Are Interest Rates About To RISE?
by Leigh Martinuzzi
The RBA has made it clear that they have no plans to increase interest rates until inflation shows some signs of slowing down. For the year ending September 2021, inflation is at 3%. It is up to the RBA to maintain inflation and ideally keep it between 2 and 3%. If inflation is high, it means the costs of goods go up and the dollar weakens, which is not ideal for our economy. If inflation remains high for too long the RBA may increase the cash rate which is currently 0.10%. Is it likely they’ll raise the cash rate anytime soon?
Some people are now talking about a possible rate rise prior to the end of 2023. One article suggested a possible 1% rate rise in the coming year which could lead to a 15% to 25% market crash. However, being that banks loan based on a higher interest rate (5.5%) it is unlikely that 1% would cause too much mortgage stress for many homeowners. Anything above 2%, however, would more likely be felt.
For inflation to continue one would think wages would need to increase. If the cost of goods is up people need more money to afford them. Therefore, at some point inflation will reach a peak point in which people need to sacrifice their spending on certain goods to maintain a budget. This would obviously put downward pressure on inflation. Wage growth remains below 2% and forecasts by the RBA indicate it will improve towards 3% near the end of 2023. They also predict the unemployment rate will continue its downward trajectory and hit near 4% by the end of 2023. Therefore, it is at this time RBA believes it may need to increase interest rates. Unlikely to be sooner!
The uncertainty of the pandemic and what the future holds may disrupt the economic forecast moving ahead however on all accounts right now it is looking good. The pandemic has helped push inflation along but once things begin to open and get back to normal these will have less of an impact. Trade routes, shipping costs, and supply costs have increased during the pandemic putting upward pressure on many associated costs. Household savings have gone through the roof with many people not spending their money as they typically would and demand for durable goods has remained high. Once the borders open such demand will likely drop and fall below the averages. Instead of buying cars, we will all likely be spending our money traveling again.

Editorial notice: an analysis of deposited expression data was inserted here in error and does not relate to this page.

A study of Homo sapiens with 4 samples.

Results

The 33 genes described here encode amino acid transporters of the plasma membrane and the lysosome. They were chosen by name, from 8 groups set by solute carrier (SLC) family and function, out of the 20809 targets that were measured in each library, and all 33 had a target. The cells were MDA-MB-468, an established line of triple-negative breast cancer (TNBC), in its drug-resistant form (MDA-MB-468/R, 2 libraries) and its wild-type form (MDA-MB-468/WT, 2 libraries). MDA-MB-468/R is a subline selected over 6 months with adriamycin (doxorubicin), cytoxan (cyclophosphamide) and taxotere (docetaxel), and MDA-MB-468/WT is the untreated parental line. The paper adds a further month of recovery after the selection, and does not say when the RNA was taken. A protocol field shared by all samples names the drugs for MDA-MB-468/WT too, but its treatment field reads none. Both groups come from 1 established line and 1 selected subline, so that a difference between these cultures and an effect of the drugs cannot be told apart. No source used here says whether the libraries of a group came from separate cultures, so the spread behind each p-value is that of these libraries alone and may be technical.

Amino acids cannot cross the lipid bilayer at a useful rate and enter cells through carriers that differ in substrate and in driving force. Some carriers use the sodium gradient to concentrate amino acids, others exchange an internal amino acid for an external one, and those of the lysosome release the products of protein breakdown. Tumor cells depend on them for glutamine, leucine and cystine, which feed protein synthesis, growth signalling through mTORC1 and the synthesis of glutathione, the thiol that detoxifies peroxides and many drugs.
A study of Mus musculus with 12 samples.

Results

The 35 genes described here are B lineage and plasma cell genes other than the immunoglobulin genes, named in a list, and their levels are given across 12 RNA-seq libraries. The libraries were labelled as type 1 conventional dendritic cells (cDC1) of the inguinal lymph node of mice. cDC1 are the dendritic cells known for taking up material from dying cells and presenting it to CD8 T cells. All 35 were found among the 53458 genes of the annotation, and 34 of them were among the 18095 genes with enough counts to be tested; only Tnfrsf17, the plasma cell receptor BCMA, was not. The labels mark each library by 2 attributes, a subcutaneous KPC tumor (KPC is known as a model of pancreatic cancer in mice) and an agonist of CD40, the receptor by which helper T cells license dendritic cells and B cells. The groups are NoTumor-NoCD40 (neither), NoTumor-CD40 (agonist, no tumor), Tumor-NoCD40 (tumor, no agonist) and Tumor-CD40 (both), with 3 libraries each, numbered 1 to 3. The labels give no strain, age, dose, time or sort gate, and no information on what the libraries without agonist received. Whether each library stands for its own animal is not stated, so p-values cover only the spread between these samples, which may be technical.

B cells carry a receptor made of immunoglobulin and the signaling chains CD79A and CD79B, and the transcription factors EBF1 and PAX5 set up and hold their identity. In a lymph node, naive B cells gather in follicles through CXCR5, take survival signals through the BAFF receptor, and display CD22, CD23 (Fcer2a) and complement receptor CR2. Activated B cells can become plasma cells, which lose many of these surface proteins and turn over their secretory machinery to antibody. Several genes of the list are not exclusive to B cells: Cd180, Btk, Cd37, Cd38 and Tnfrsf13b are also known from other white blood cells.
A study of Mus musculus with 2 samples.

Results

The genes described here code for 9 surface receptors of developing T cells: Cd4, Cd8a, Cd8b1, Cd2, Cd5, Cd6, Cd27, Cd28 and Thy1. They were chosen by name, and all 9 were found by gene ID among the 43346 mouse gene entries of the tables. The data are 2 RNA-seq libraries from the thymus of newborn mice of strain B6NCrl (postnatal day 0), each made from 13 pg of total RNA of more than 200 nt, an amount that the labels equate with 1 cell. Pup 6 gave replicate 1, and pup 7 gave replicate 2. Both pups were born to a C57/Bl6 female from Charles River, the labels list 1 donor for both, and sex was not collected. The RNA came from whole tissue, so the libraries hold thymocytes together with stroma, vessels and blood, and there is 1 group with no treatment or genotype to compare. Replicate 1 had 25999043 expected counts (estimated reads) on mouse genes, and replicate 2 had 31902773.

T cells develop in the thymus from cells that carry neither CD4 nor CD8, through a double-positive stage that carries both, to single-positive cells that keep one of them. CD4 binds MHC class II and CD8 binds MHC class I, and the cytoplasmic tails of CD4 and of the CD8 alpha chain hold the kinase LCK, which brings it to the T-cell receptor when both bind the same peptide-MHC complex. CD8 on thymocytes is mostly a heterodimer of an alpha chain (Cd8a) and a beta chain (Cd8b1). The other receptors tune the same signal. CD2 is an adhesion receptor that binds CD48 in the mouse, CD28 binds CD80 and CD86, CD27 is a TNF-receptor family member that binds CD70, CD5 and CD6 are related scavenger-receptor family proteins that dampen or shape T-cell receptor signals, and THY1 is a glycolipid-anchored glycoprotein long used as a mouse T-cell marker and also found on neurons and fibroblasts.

The other thing to consider is that international migration will be opened to broader numbers. In recent years it sat around 200,000 additional migrants a year but the suggested forecast for the year ahead will be around 450,000. I am unclear how this would be beneficial for inflation, unemployment, or potential wage increases but I can’t imagine it would be. On all accounts, unless something unpredictable happens, we will likely see the cash-rate remain on hold for another year or two. And even if interest rates did increase, it’s not the wealthy that’s affected but the lower-income earners, who by the way are already being heavily impacted by rising property prices.